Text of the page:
Guest Contributor | Aug 22, 2017 | 0
Poverty stays on budget radar
Namibia’s third president, His Excellency Dr. Hage Geingob declared a war on poverty when he addressed an excited crowd at the Independence Stadium in Windhoek last weekend during his inauguration.
The war on poverty will most likely shift government spending towards more and sustained pro-poor initiatives.
This is the view of analyst Daniel Kavishe of Simonis Storm Securities who shared his expectations ahead of the budget speech next week Tuesday.
“It is difficult to try to predict what the budget will enshrine since we now have a new president, cabinet and finance minister.
The theme for the current president is Poverty Eradication and we expect that over the medium term, government spending will be aligned to the implementation of this vision,” said Kavishe.
“There will be an additional allocation to “poverty eradication,” but it is unknown how the government has decided to go about this.
If it is only through social grants and programmes then we will see a large increase in that area.
If the government wants to achieve this through industrialisation or other economic developments then more funds will be channelled to support industrialisation,” added Kavishe.
He is fairly certain that government spending will balloon and that government borrowing would possibly exceed 30% of Gross Domestic Product during the 3-year Medium Term Expenditure Framework (MTEF) period.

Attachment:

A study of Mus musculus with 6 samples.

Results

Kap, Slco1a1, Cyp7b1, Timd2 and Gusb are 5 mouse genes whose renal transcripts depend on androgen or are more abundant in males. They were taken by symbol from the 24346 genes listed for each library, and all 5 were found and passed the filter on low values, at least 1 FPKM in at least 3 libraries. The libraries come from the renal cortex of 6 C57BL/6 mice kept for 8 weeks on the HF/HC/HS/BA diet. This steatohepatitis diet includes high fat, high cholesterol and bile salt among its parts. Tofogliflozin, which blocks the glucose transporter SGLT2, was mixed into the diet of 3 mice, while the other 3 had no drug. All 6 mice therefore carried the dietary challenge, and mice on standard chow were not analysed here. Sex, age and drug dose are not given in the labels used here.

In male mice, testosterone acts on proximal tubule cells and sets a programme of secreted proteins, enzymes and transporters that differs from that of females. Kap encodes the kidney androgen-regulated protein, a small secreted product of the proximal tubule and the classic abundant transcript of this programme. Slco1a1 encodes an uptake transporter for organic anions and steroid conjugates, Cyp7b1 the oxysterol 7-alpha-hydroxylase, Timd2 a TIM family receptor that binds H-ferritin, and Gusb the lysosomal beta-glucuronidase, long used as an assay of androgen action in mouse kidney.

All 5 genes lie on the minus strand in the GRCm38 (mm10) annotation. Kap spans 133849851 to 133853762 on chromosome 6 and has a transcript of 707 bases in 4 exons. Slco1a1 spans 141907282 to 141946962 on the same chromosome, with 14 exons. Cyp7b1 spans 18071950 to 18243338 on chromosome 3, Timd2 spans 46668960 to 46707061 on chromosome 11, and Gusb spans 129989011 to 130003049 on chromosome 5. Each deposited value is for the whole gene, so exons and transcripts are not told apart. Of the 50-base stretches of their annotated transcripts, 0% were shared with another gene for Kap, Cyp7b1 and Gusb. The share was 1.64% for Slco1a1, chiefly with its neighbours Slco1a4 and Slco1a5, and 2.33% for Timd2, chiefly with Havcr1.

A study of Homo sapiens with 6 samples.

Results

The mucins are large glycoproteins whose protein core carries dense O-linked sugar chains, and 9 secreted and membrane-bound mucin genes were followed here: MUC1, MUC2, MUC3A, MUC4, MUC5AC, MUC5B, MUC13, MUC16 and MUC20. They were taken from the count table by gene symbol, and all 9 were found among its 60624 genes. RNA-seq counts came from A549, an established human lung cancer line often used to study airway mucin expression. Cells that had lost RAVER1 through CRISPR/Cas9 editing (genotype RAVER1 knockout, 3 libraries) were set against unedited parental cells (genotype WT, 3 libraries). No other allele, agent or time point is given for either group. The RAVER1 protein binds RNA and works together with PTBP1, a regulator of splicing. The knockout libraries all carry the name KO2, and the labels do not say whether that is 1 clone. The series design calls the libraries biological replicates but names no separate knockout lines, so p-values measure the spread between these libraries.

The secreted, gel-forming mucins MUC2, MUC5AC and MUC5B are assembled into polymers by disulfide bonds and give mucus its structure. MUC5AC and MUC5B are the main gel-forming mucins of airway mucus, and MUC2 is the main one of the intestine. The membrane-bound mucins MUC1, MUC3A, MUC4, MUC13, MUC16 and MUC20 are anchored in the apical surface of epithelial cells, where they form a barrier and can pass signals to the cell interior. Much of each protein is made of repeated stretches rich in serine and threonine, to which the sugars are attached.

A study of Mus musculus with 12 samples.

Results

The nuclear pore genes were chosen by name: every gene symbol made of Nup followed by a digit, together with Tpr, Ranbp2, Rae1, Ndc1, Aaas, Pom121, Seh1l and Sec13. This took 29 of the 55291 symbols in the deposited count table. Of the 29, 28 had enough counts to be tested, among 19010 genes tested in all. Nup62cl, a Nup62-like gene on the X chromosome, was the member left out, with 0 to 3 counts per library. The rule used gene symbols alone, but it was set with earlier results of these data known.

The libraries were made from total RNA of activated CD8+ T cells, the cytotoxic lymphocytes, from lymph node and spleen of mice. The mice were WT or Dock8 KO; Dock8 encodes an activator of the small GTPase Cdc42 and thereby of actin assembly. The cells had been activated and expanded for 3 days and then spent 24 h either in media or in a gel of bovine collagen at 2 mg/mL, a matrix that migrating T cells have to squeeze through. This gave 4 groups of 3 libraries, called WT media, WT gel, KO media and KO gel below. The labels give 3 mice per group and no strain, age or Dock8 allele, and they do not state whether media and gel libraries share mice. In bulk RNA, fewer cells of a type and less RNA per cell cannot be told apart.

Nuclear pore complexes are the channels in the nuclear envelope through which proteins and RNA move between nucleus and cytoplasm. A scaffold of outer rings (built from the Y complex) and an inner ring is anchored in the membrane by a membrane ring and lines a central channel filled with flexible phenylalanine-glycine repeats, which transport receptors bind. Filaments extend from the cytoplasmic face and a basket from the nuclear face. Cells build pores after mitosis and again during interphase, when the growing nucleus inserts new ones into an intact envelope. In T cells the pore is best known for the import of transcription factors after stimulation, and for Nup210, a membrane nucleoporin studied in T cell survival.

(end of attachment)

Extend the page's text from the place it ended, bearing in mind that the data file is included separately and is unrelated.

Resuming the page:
Said Kavishe, “Our expectation is that the new ministries will need a budget allocation therefore increasing operational expenses, although some existing ministries were split in two, and the Planning Commission was elevated to ministry level which should curb the increase. We do not foresee a drastic increase in operational expenditure.
“However we expect continued increase in spending on infrastructure: This is in line with the [fourth] National Development Plan, an industrialisation drive and Vision 2030.
“Spending is likely to be on roads, rail, housing, water and electricity.
“Provision must also be made for drought relief.
“We also expect above inflation increases in social grants and programmes.”
Added Kavishe, “We are also not expecting much in the way of increased tax rates or new taxes, but we do expect the Ministry of Finance to continue with widening the tax net to improve collections.
Presumptive tax may be mentioned again during the minister’s speech.”
The Ministry of Finance in 2014 announced the creation of a revenue collecting agency, mimicking the role of similar institutions in Botswana and South Africa.
Said Geingob during his inaugural address last weekend, “People have high expectations. They want food, shelter and clothing.
“They want a leader to act quickly, thus the challenges must be met. People cannot eat a constitution or democracy and our first priority is to declare war on poverty and inequality. “We will have a brand new ministry. The ministry of poverty eradication.”